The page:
Federal agency preparing a plan to deal with return of packs
Kathy George / Seattle Post-Intelligencer / July 5 , 2004
Wolves are about to return to Washington after decades of absence, and federal regulators have begun drafting a plan for their arrival -- addressing what to do when the howling canids scare people or threaten other animals.
"It's a good thing to be prepared for that," said Doug Zimmer, information specialist for the Western Washington office of the U.S. Fish and Wildlife Service.
"With human tolerance, they (wolves) can exist," he said. "Without it, they can't."
Not since the 1930s has Washington had a viable wolf population. For years, people have reported seeing lone wolves, but no wolf pack is known to exist here.
Now, with a resurgence of wolves near the state's borders with Idaho and Canada, it's just a matter of time before the species naturally migrates here, state and federal wildlife regulators say.
That's why the U.S. Fish and Wildlife Service, the lead manager of wolf protection efforts in the Northwest, is starting to draft a long-awaited wolf management plan for Washington, Zimmer said.
A preliminary draft has been written for Eastern Washington, and a meeting is planned next month to discuss broadening that plan to Western Washington, he said, adding, "I'd be very surprised if we don't have it done by next spring."
That news came as a happy surprise to Wolf Haven International, which has been circulating petitions for a statewide wolf plan since 2001. About 3,000 people have signed the petitions.
Without a management plan, "wolves might be unfairly targeted," said Nancy Sparta, Wolf Haven's conservation coordinator. "There's still a lot of misconceptions about wolves attacking humans."
Wolves actually fear people, according to Wolf Haven, which has a wolf sanctuary in Tenino that is open to the public.
Zimmer said there has never been a report of a wolf killing a dog, sheep or other critter -- let alone a person -- in Washington.
Wolves have killed hundreds of cattle and sheep and dozens of dogs in Wyoming, Idaho and Montana, where the federally protected predators are bouncing back from near-extinction.
Some Washington legislators, ranchers and others support the killing of wolves when necessary to protect domestic animals.
The state still treats gray wolves as an endangered species, making it illegal to harm them. And for now, there is no proposal to weaken that protection, said Derek Stinson, endangered species biologist with the Washington Department of Fish and Wildlife.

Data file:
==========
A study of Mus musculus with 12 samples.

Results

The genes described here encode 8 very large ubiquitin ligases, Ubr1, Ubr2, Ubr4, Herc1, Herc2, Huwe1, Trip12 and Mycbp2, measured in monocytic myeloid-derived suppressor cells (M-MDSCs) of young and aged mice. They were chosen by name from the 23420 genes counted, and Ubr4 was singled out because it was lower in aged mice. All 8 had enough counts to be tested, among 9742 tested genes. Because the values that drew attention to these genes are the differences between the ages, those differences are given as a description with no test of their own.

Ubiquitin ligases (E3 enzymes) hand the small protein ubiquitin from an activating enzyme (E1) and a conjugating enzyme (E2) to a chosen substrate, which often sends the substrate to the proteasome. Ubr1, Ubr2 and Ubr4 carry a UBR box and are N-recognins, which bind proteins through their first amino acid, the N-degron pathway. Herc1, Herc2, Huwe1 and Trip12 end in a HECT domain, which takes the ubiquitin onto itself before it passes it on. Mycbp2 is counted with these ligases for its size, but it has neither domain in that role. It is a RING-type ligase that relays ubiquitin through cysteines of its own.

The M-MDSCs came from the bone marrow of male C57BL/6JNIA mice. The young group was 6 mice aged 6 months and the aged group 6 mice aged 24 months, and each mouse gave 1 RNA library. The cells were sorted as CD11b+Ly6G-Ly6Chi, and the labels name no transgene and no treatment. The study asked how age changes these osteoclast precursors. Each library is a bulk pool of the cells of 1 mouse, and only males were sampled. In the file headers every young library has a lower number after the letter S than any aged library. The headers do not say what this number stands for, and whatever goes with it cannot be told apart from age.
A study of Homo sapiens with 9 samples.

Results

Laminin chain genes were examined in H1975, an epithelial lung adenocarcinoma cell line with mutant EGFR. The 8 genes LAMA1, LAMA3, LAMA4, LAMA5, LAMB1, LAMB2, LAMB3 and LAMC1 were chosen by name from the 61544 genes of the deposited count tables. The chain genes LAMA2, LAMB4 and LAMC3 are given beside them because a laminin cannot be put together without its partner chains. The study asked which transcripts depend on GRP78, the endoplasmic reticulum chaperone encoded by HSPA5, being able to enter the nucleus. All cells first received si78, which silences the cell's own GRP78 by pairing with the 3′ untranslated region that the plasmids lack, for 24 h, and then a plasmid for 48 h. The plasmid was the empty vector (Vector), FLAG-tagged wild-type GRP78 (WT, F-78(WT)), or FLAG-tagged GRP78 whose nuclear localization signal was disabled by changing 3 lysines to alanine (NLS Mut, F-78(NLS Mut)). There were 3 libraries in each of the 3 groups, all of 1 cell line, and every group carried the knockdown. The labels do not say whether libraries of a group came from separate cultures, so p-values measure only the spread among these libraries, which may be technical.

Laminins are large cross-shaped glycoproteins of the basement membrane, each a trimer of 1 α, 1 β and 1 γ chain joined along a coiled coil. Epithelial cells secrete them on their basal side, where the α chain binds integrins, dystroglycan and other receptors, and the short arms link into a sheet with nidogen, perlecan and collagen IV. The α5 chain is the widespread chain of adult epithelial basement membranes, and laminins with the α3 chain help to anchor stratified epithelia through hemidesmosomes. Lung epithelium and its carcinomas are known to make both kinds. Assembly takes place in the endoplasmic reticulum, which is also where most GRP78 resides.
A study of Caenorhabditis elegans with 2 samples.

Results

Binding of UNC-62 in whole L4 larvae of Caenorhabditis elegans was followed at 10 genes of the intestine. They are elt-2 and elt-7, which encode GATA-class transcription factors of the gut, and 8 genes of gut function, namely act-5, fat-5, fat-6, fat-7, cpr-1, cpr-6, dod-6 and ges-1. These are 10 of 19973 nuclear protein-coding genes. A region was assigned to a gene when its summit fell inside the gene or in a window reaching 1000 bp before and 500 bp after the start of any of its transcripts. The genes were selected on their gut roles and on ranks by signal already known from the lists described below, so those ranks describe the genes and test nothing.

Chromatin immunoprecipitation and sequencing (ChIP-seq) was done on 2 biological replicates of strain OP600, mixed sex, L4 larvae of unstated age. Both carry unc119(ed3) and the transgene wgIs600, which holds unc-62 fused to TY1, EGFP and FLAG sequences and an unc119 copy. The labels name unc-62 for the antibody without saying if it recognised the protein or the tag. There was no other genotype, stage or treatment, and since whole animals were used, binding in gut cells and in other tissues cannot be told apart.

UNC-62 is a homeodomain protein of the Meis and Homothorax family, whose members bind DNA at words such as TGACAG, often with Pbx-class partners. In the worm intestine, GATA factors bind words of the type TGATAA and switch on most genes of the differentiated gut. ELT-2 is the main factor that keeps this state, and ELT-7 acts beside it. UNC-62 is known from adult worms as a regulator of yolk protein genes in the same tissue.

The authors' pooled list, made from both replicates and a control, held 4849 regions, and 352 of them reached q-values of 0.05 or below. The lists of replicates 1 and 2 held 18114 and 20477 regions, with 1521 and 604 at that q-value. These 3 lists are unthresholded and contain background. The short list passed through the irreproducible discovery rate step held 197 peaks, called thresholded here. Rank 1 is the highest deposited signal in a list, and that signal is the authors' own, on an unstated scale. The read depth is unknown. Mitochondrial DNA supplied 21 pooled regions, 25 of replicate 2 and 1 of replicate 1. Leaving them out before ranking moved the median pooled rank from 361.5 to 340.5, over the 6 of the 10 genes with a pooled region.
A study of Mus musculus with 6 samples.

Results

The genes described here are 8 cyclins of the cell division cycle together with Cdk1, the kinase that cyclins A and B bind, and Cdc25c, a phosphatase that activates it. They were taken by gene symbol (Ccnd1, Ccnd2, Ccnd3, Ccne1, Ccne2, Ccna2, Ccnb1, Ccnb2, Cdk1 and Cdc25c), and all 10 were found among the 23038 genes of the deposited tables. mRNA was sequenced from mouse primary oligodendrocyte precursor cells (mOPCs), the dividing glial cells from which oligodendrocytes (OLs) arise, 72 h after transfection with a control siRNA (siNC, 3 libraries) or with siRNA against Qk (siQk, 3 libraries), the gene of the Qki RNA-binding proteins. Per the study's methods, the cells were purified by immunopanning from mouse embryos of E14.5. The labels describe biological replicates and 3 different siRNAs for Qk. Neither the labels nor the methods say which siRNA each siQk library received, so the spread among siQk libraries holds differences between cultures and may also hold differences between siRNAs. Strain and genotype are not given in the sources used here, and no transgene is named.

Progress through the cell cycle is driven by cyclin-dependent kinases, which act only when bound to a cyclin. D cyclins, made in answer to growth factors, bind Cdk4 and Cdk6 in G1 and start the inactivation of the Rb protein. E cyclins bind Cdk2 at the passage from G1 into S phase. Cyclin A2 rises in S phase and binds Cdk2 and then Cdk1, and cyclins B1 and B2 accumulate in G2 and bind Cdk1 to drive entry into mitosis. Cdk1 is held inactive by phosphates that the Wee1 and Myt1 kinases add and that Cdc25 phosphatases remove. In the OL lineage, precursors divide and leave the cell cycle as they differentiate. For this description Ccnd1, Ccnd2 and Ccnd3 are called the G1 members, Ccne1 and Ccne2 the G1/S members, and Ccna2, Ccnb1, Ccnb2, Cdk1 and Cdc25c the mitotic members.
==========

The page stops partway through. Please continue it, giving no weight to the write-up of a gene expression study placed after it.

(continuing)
But federal protection is a different thing.
And as far as the federal government is concerned, wolves are nearing the point where they don't need help to survive.
The federal government already has moved wolves from "endangered" to "threatened" status in the Northwest based on their growing numbers in other states. That change last year allowed ranchers to start killing wolves that are caught attacking livestock -- except in states like Washington with tougher restrictions.
Meanwhile, conservationists have sued to block a proposal to remove wolves from federal species protection altogether.
If that removal happens, Washington's wildlife agency would assume sole responsibility for the wolf's fate in this state.
As it is, Washington is not actively working on wolf recovery and has no plan for managing wolves when they recover here naturally.
Stinson said there is no state plan partly because of more pressing priorities, and also because wolves have yet to reestablish themselves in Washington.
But "it probably won't be long" before wolves from Idaho establish packs here, he said.
When that happens, "I think we'd have to do something," he said. "We may have to identify where we want wolves to be and where we don't want them to be," perhaps steering them away from suburban and rural communities.
Today, nobody knows how many wolves are in Washington.
A federal hot line for wolf sightings gets a few calls a year, but some people probably mistake wolf-dog hybrids for wolves, Zimmer said.
A lone wolf may travel many miles searching for new territory where it can mate and form a new pack.
Federal regulators expect the first new packs in Washington to show up in the North Cascades, where wolf sightings are most common.
Although there is not much livestock there, "we expect interaction with pet dogs," said Zimmer.
"Generally, the dogs are the initial losers, and wolves are the long-term losers."
Wolves are valuable in maintaining natural ecosystems, helping to regulate deer and elk populations. And "they belong here, just like our cougars and bears," Sparta said.
"Washington has lots of really good wolf habitat," said Zimmer.
"If you can protect a large carnivore like that and not kill it, it will come back."